Top
Single Sign-On Use Case – MiHIN
fade
4179
page-template-default,page,page-id-4179,mkd-core-1.0,wellspring-ver-1.2,mkdf-smooth-scroll,mkdf-smooth-page-transitions,mkdf-ajax,mkdf-grid-1300,mkdf-blog-installed,mkdf-header-standard,mkdf-fixed-on-scroll,mkdf-default-mobile-header,mkdf-sticky-up-mobile-header,mkdf-dropdown-default,mkdf-search-dropdown,wpb-js-composer js-comp-ver-4.12,vc_responsive

Single Sign-On Use Case

Currently the task of electronically accessing health information often means logging into multiple, disconnected networks, portals, or databases. This means that users (physicians, nurses, pharmacists, etc.) must maintain and remember unique login IDs and passwords for each data source they use.

These multiple safeguards create obvious productivity-draining issues, including forgotten login information, passwords that need to be recovered and reset, or auto-lockout after multiple failed login attempts. Also, there are security risks inherent in users writing down passwords or keeping them simple or identical to ease memorization. The issues multiply with each additional login and password combination that a user must maintain, creating additional security risks and potentially taking a health professional’s valuable time away from caring for patients.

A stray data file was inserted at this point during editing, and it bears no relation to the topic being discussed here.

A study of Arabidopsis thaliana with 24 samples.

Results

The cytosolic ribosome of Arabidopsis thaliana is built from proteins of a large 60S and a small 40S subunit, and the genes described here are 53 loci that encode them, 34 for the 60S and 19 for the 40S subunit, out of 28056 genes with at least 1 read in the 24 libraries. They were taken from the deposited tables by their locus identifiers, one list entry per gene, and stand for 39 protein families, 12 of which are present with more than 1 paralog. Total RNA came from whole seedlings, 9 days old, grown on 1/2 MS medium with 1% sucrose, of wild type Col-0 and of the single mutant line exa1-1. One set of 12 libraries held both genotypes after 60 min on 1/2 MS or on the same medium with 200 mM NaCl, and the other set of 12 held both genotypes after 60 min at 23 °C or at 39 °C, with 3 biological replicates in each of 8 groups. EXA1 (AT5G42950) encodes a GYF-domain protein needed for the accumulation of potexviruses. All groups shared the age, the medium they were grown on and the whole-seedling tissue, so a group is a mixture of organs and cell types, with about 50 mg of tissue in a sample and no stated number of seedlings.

Using one identity to access multiple networks

The idea of using one digital login ID/password combination to access multiple systems and networks has been gaining popularity in recent years. This ability to share one identity across multiple networks, web sites, or software applications is popularly called “Single Sign-On.” It gained immediate acceptance as patrons enjoyed the freedom from remembering so many unique login/password combinations.

In healthcare allowing individuals to use one login ID/password combination to access multiple systems is more complicated due to HIPAA laws and the sensitivity of protected health information, but it is still possible if the correct trust mechanisms are in place with the participating organizations.

The Single Sign-On use case increases security by simplifying a user’s access and reducing the overall number of identities a participant must manage. The primary goal is to establish a single trusted identity and set of attributes that can be used by an individual or service between trusted data sharing organizations.

Documents for this use case are shown below.

Use Case Summary:

Single Sign-On Use Case Summary

Use Case Implementation Guide:

Single Sign-On Use Case Implementation Guide

To participate in the Single Sign-On use case, or for any questions regarding these documents, please contact us.